Here is an example of how a simple misunderstanding in the rules can break a game.
My 1982 game Dragon Rage was reissued at the beginning of 2011. The process of finding a publisher, who was a new publisher, and getting the game arranged and printed took about three years. The publisher, Eric Hanuise of Flatlined Games, felt he should rewrite the rules in a more modern style, more sequence of play than the old rules which were written in a reference style as most were in the early 1980s.
At one point he told me that the dragons seemed to be losing an awful lot of games in his playtesting with the newly written rules and asked me if I could figure it out. So I took his preliminary art and mounted the board and pieces on foam board and painstakingly cut the pieces out. Then I took it up to my brother's house (more than 300 miles-- but he had experience of having played the original version). I sat in his living room with my originally submitted rules, the originally published rules, and Eric's version of the rules and tried to make comparisons.
Fortunately it didn't take long before I got an idea of what had happened. Corresponding with Eric confirmed it. In Dragon Rage the defenders get reinforcements by ship after the game has been going for a while and at regular intervals thereafter. The design purpose was to force the dragons to have a go rather than hang back and fool around. If the dragons simply charge in and blunder about, they'll likely be killed. So the dragons have to pick and choose their times and places to act, sometimes nipping in and out, and the reinforcements help induce them to actually attack rather than fool about. In other words, the reinforcements provide the momentum toward a conclusion, something every game must have, as what starts out with a slight advantage to the dragons gradually becomes an advantage to the defenders.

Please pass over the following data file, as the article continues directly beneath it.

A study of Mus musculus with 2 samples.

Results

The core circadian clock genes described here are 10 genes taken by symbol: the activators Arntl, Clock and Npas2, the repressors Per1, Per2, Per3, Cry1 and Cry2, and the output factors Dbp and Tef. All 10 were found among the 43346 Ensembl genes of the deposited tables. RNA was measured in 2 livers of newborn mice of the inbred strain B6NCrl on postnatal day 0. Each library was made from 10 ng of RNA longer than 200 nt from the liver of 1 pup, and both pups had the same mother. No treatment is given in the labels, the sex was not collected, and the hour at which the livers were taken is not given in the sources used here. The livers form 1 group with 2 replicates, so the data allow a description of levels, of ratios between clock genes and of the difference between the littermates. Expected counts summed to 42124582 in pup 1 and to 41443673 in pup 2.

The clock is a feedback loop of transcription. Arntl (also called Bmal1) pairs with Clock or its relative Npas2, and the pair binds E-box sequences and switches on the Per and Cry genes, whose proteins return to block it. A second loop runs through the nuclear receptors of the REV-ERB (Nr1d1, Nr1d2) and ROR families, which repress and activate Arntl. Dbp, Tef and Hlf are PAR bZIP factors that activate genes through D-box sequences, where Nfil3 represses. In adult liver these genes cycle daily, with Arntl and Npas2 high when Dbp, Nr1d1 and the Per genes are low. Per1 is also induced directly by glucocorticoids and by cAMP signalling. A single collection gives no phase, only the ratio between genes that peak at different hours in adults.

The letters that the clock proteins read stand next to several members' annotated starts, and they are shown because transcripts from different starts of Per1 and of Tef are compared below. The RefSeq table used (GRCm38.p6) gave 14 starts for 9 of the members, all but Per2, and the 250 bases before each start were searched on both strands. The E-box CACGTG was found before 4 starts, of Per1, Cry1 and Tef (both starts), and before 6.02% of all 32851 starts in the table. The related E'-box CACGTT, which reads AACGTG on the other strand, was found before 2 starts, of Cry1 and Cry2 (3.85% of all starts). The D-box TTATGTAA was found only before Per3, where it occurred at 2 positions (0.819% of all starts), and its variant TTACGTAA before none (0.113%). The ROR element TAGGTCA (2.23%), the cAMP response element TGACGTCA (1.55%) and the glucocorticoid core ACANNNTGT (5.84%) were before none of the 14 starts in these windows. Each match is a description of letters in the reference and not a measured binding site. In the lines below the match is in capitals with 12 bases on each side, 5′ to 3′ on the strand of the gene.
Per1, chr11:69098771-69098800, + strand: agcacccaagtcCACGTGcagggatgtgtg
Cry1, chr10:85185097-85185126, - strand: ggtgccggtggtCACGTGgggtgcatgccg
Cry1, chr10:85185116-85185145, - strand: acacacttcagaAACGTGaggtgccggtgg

The timing is determined by turns. And Eric had counted turns differently than we did in the old days (and, I suspect still do in wargaming). In the old days, play by one player and then the other constituted a single turn. Eric counted this as *two* turns. So the reinforcements started coming after five turns rather than 10 turns, and thereafter came twice as fast (every two turns instead of four). Keep in mind that Eric's native language is the Belgian version of French, not English, so this misunderstanding is not surprising. But it made a huge difference in how the game played.
This illustrates why the designer ought to be involved in the production of the game. Often, once the designer submits the game, he has virtually no input in production.
While we're on the topic of Dragon Rage, it is notable because the maps, which have a lot of detail on the two-sided mapboard, were not drawn by a professional artist. Campaign Cartographer 3 by ProFantasy is a fantasy map-making program built on top of the FastCad computer aided design program. It is powerful enough that Eric Hanuise of Flatlined Games was able to use it and CityDesigner3 for the maps, thus trading his time to learn the program in order to save very substantial artist fees (no licensing fee from ProFantasy required). See http://www.profantasy.com/rpgmaps/?p=571 for a brief description with the final maps. The step-by-step process is described at http://www.profantasy.com/rpgmaps/?s=Dragon+Rage (scroll down to September 12, 2011).